If you're reading this at work, chances are that sometime today you'll get an opportunity to play telephone tag. That's the game where you call up someone - a customer, a sales representative, a person in the next department, your child's school - for information. You get passed from extension to extension, told that people you want to speak with are in meetings, and finally wind up giving your name and number to someone who's chewing gum.
American Telephone & Telegraph Company did a survey on telephone tag. It found that a whopping 72 percent of all business calls result in no contact, says George Walther, a Venice, Calif., telecommunications consultant.
It's enough to make you go back to writing memos, as they do in many other industrialized nations. ''Some highly developed countries,'' wrote John Brooks on the 100th anniversary of the telephone's invention, ''have very low counts of telephone per population, calling into question the notion - generally unquestioned in this country - that a highly developed communications network is essential to economic growth.''
In fact, in an article entitled ''19 Ways to Avoid Telephone Tyranny'' in a recent issue of Contemporary Times, the magazine of the National Association of Temporary Services, No. 1 on the list is: ''Get out of the habit of reaching for the phone every time it occurs to you. Ask yourself whether calling is the most time-effective step, especially right at this moment.''
But Mr. Walther, citing the cost of business correspondence (roughly $15 to $ 20 a letter, he says) and the tendency for letters to be ''put on a stack with other letters,'' says, ''If you're out to get something accomplished in this fast-paced world, the telephone is your greatest ally.'' The only reason he can think of for writing instead is if it's a ''legal matter and you need hard copy. But I've found that notes taken during the conversation and dated work perfectly well.''
First, of course, you have to get through to someone to have this conversation. If that person is screened by a secretary, Mr. Walther thinks you should go directly to the switchboard operator, ''whose job function is to make connections, not screen them out.''
One management consultant says she regularly makes all her calls early in the morning, ''since that's the time people are likely to be in and not tied up.''
If it isn't possible to sidestep the screen, try setting up a ''presumptive appointment,'' Mr. Walther says. ''If the person you're trying to reach is out of town until next Tuesday, say, tell the secretary that you'll call Wednesday, and ask if early morning or late afternoon is best. Then set a time and ask her to put it on his calendar.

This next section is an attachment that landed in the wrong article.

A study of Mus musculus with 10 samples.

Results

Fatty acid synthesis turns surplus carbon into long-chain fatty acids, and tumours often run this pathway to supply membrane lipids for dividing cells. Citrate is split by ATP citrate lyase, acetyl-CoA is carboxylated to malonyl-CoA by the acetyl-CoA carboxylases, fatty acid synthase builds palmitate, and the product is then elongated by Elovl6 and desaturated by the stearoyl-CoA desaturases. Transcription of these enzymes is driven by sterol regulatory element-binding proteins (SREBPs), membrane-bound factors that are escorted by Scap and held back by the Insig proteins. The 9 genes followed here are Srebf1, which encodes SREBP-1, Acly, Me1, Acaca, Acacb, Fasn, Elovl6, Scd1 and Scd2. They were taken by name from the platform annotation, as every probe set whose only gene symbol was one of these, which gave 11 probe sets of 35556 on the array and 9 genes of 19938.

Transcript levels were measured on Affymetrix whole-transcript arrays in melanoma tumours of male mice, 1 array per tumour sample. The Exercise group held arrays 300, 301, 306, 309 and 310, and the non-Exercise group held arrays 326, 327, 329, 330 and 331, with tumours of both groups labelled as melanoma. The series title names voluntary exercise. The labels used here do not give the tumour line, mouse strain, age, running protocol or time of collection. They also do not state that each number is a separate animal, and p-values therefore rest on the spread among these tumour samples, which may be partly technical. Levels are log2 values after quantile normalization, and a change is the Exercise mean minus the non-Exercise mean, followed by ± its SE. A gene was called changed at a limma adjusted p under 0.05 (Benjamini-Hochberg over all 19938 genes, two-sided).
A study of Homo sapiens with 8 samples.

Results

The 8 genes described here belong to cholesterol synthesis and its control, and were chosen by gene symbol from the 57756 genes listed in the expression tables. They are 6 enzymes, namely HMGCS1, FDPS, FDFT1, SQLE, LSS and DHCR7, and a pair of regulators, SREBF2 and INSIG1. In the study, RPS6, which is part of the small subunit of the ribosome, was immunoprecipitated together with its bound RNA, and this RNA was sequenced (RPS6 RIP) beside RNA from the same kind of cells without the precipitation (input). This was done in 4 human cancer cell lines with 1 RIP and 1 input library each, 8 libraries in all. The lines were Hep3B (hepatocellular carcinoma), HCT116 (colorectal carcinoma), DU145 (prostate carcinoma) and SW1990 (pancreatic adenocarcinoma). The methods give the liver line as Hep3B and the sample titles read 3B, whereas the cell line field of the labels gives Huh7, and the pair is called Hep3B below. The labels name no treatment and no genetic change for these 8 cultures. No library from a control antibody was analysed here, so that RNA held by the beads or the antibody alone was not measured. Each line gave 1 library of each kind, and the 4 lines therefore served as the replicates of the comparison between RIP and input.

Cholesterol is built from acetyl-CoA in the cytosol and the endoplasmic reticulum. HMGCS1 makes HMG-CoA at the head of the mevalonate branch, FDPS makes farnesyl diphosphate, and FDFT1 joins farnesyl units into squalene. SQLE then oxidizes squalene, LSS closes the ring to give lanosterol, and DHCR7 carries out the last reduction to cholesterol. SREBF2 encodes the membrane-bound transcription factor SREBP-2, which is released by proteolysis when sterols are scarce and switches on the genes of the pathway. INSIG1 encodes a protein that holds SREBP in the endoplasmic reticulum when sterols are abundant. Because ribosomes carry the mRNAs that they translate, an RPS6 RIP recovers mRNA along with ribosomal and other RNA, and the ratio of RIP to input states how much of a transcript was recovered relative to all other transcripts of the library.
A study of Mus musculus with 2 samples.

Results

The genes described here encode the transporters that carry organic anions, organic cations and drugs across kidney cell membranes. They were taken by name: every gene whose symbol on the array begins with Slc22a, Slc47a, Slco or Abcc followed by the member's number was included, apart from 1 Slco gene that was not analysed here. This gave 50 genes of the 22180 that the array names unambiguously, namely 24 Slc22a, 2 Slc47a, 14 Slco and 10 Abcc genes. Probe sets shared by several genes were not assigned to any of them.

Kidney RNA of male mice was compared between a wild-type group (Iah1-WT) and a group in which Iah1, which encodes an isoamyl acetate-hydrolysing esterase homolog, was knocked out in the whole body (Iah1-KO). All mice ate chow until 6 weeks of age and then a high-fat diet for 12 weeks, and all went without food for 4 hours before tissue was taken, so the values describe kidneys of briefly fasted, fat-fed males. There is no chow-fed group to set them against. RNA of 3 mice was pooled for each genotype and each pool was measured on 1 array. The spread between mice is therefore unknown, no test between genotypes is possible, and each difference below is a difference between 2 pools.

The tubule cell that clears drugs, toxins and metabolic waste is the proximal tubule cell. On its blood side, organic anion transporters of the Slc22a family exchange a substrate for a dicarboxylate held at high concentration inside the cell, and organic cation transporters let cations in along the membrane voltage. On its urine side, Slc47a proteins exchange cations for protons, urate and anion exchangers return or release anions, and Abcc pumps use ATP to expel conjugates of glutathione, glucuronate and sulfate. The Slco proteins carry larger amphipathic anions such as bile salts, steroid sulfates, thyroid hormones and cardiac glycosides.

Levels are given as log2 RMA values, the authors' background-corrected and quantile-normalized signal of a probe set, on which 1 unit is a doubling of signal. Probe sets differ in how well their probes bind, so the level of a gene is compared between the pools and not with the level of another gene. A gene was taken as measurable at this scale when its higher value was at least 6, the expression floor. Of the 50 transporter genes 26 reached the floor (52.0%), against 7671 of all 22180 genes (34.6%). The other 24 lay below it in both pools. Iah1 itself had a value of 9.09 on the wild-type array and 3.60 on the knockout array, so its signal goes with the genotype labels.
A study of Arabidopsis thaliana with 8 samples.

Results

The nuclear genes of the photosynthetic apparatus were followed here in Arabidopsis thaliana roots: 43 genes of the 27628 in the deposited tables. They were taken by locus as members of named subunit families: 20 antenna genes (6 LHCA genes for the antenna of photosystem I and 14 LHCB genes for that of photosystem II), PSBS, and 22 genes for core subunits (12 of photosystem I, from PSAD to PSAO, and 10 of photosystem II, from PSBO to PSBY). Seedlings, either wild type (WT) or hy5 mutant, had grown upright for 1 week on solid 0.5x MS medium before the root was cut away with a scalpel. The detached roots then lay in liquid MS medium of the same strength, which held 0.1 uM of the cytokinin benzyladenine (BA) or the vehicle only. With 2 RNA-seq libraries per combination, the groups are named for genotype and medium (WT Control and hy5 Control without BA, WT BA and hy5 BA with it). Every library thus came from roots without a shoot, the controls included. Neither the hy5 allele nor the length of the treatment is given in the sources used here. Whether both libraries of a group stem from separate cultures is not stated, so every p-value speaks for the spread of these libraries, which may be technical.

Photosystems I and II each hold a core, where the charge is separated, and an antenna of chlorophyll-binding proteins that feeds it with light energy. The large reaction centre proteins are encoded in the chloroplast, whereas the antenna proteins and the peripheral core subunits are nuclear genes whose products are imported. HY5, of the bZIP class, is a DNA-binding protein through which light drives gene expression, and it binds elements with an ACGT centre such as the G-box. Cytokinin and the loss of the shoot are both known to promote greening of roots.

''You still may not get through,'' he points out, ''but if you call back at that time, that person will know that you're a person who follows through on your commitments.''
Of course, the shoe may be on the other foot in your case - you may be the one doing the screening. If so, one of the easiest ways to screen, says the Contemporary Times article, is to get ''three separate lists of people'' from your boss - those he doesn't want to talk to, those he will talk to if the work allows, and those he'll talk to whenever they call.
Mr. Walther, who gives seminars through Clemson University on ''telephone techniques for secretaries, receptionists, customer service reps, and other support staff,'' thinks secretaries should get their bosses' support in ''taking action wherever possible. Tell the person on the phone that you're sorry, so-and-so isn't available right now, but you're the assistant and perhaps you could be of help.''
Even if you can't solve the problem, he points out, you'll get enough information so your boss will be able to solve it quicker. Either way, this approach goes a long way toward satisfying the caller and making you and your boss look good.
In fact, Mr. Walther points out, it is the receptionists and secretaries who often make or break a company's image. When a customer calls for the first time, Mr. Walther asks, who does he or she talk to first? And if that initial contact isn't all it should be (and it often isn't, he points out, since companies typically make the job of answering the phone both low-paying and dead-end), ''the customer carries that image for years.
''People size you up in 30 to 60 seconds on the phone.'' he points out, ''Because they have so little stimuli to work with - they can't see you - they have to create a larger-than-life instant image.'' So little detractions, like poor diction, ''can make you, and your company, look sloppy.'' Common mistakes on the phone include ''eating something, or smoking, or finishing another conversation as you answer the phone.